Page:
University of Wyoming Pres. Bob Sternberg resigns post after weeks of turmoil


Bob Sternberg stepped down from his post as the University of Wyoming president Thursday, only 137 days after taking the job July 1.

He told the Star-Tribune that after having a conversation with board of trustees President David Bostrom on Wednesday, he felt trustee support for his actions may have been waning after the resignations of three deans and five administrators.

“[I]t became obvious that things were not working out as I, or probably anyone else, had hoped for,” Sternberg wrote in an email to the Star-Tribune on Thursday. “I left [the conversation with Bostrom] feeling I most likely did not have full support from the board, and when you are president, you need their support.”

Sternberg said he did not want to create a situation where board members were forced to take a vote on his leadership.

“If one does not feel the complete confidence of the board, then the honorable thing to do is to resign, which I did,” he said.

University officials announced Sternberg’s resignation in a 5:30 p.m. press conference Thursday after an executive session of the board lasted for more than nine hours. Sternberg tendered his resignation late Wednesday, Bostrom said.

A crowd of students, faculty and media lined the rails in an open area of UW’s Coe Library to hear the announcement from a podium near the library’s help desk Thursday.

Three deans and five administrators have resigned their administrative posts since Sternberg arrived. Two of them were asked to resign because of differences in vision with university leadership; the others left for a variety of reasons.

Law dean reacts

The tide of turnover was capped most recently by an outspoken resignation from former College of Law Dean Steve Easton, who objected to Sternberg’s lack of consultation with the law school in his decision to assemble a task force to study the school’s performance in natural resource-related areas of law.

Easton said Thursday it was a sad, but necessary, day for UW.

“We had great hopes,” Easton said of Sternberg’s arrival on campus.

Sternberg replaced former UW President Tom Buchanan as the university’s 24th president with an annual base salary of $425,000. He was most recently provost at Oklahoma State University, and has held administrative and faculty positions at Yale University and Tufts University. He will cease presidential duties immediately, he told the Star-Tribune, though he will be on the books until Dec. 31. Under the terms of his departure, he will be paid $325,000 for the following year.

UW’s interim vice president for academic affairs, Dick McGinity, will begin performing the duties of the president immediately, according to a university release.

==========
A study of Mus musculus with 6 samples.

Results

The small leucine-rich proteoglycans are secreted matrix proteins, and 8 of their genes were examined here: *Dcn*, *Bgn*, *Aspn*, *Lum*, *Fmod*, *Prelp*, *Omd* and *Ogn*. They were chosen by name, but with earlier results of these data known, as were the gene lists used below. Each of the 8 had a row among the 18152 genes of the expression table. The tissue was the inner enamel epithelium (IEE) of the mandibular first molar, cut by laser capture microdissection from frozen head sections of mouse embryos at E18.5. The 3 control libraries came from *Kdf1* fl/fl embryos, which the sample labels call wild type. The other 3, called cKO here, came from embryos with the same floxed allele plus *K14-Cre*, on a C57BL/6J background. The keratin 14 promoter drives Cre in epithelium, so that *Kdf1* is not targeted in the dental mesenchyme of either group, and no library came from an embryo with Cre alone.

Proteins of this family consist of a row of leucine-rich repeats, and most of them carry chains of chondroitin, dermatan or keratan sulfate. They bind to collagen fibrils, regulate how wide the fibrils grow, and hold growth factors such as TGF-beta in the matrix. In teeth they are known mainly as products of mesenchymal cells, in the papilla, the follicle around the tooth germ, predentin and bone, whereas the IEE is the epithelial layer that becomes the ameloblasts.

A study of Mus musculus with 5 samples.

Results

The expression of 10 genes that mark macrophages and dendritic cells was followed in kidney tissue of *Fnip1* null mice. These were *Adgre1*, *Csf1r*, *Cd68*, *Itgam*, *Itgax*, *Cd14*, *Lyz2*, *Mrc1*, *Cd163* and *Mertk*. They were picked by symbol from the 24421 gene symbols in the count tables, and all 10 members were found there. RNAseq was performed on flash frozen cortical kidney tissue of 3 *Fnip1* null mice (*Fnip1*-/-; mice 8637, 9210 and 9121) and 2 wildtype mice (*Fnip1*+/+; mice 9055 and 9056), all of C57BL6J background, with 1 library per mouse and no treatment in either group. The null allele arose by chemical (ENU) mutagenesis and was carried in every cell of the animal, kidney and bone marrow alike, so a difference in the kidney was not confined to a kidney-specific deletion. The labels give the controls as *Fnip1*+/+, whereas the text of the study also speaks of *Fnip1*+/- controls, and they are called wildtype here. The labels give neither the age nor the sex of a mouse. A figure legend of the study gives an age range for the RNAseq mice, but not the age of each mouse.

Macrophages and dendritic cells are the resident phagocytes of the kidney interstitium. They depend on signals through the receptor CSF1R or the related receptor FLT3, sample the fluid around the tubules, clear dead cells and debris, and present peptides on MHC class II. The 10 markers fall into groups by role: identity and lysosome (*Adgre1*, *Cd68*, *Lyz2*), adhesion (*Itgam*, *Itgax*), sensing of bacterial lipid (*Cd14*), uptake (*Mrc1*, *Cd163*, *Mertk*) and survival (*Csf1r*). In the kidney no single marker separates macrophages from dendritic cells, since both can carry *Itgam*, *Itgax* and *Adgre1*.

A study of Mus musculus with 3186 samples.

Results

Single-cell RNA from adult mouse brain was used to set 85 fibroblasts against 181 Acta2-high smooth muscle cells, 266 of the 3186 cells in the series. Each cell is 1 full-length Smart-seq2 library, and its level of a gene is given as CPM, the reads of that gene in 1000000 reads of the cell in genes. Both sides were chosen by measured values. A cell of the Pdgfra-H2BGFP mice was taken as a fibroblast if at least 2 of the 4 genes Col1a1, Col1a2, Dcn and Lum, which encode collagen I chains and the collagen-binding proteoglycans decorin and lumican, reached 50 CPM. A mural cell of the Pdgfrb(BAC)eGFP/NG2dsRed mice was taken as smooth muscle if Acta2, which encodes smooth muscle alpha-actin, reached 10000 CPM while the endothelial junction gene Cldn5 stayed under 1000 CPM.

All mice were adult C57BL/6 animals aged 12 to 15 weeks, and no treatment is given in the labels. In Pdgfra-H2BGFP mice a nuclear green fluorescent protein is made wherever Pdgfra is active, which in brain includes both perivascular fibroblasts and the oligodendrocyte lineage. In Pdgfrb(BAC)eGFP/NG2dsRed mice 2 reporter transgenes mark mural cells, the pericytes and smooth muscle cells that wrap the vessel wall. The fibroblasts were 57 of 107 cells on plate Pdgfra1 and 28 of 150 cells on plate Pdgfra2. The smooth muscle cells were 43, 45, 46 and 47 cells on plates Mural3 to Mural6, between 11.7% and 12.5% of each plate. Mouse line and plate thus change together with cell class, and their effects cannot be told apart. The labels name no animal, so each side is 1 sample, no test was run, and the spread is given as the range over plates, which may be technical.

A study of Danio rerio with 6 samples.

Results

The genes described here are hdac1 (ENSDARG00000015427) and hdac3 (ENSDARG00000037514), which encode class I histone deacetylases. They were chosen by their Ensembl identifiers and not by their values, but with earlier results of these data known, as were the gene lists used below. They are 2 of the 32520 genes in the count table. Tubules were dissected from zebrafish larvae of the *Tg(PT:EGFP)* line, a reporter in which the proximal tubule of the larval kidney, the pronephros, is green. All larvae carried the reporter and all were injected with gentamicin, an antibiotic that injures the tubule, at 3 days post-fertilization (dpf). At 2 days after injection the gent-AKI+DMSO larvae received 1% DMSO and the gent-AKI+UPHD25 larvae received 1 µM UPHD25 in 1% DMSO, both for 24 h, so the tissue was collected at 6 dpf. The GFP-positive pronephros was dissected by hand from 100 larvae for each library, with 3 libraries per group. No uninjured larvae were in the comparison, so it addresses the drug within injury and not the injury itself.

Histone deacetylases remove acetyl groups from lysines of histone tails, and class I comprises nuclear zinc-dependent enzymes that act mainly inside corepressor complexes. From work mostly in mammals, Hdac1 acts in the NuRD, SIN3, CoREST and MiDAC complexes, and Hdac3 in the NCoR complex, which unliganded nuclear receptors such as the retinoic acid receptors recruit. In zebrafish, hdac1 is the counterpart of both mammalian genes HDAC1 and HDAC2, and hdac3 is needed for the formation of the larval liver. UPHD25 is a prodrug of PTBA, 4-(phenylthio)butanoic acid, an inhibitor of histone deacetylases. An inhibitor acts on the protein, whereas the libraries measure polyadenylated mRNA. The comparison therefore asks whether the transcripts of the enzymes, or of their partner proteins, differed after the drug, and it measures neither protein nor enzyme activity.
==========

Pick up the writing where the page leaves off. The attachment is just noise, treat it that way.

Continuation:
“The people that are in place now are a terrific team,” McGinity said Thursday. McGinity became the university’s interim vice president for academic affairs in September following former Provost Myron Allen’s resignation. He said Thursday the presidential task force to evaluate the College of Law was “not going to proceed at a rapid rate.”

“The leadership of the College of Law and I, and others, will address the subject of the task force for the College of Law,” McGinity said. “But it is not an immediate thing.”

Law students and former Dean Easton had suggested the task force delay its review until results of an ongoing American Bar Association accreditation are available.

Bostrom, the board of trustees president, said in a university release Thursday that the board was grateful for Sternberg’s service. The board’s No. 1 budget priority — raises for a faculty that has not seen a salary increase in four years — has not changed, Bostrom said.

“The board fully accepts and endorses the personnel changes and changes in direction at the university that have taken place in the last several months,” he said.

Gov. Matt Mead said in a statement he supported the trustees.

“I support the trustees and have confidence in their abilities to make decisions in the best interest of our university,” Mead said. “Given President Sternberg’s decision I believe the board of trustees has developed a good plan to move forward.”

The board has not yet formed a plan for a presidential search process, Bostrom said in a press conference Thursday. Whether the names of presidential candidates will be made public during the search process or kept private, as they were during the last presidential search amid Buchanan’s retirement announcement earlier this year, is yet to be determined, he said.

“This happened last night,” Bostrom said Thursday. “We have not had the opportunity to even have those discussions.”

Judith Ramaley, a senior scholar with the American Association of Colleges and Universities, said concern about the level of support from the university’s governing board plays a role in all early resignations.

But such sudden departures are not common, she said.

“It is rare for a President to step down prior to the end of his or her first year in office,” Ramaley wrote in an email to the Star-Tribune. “[B]ut it certainly has happened occasionally.”

Sternberg told the Star-Tribune editorial board in an interview Monday that he was doing exactly what the board of trustees hired him to do.

“I deeply regret things did not work out,” Sternberg said in an email to the Star-Tribune.

Star-Tribune sports reporter Mike Vorel contributed to this story.

Reach education reporter Leah Todd at 307-266-0592 or Follow her on Twitter @leahktodd.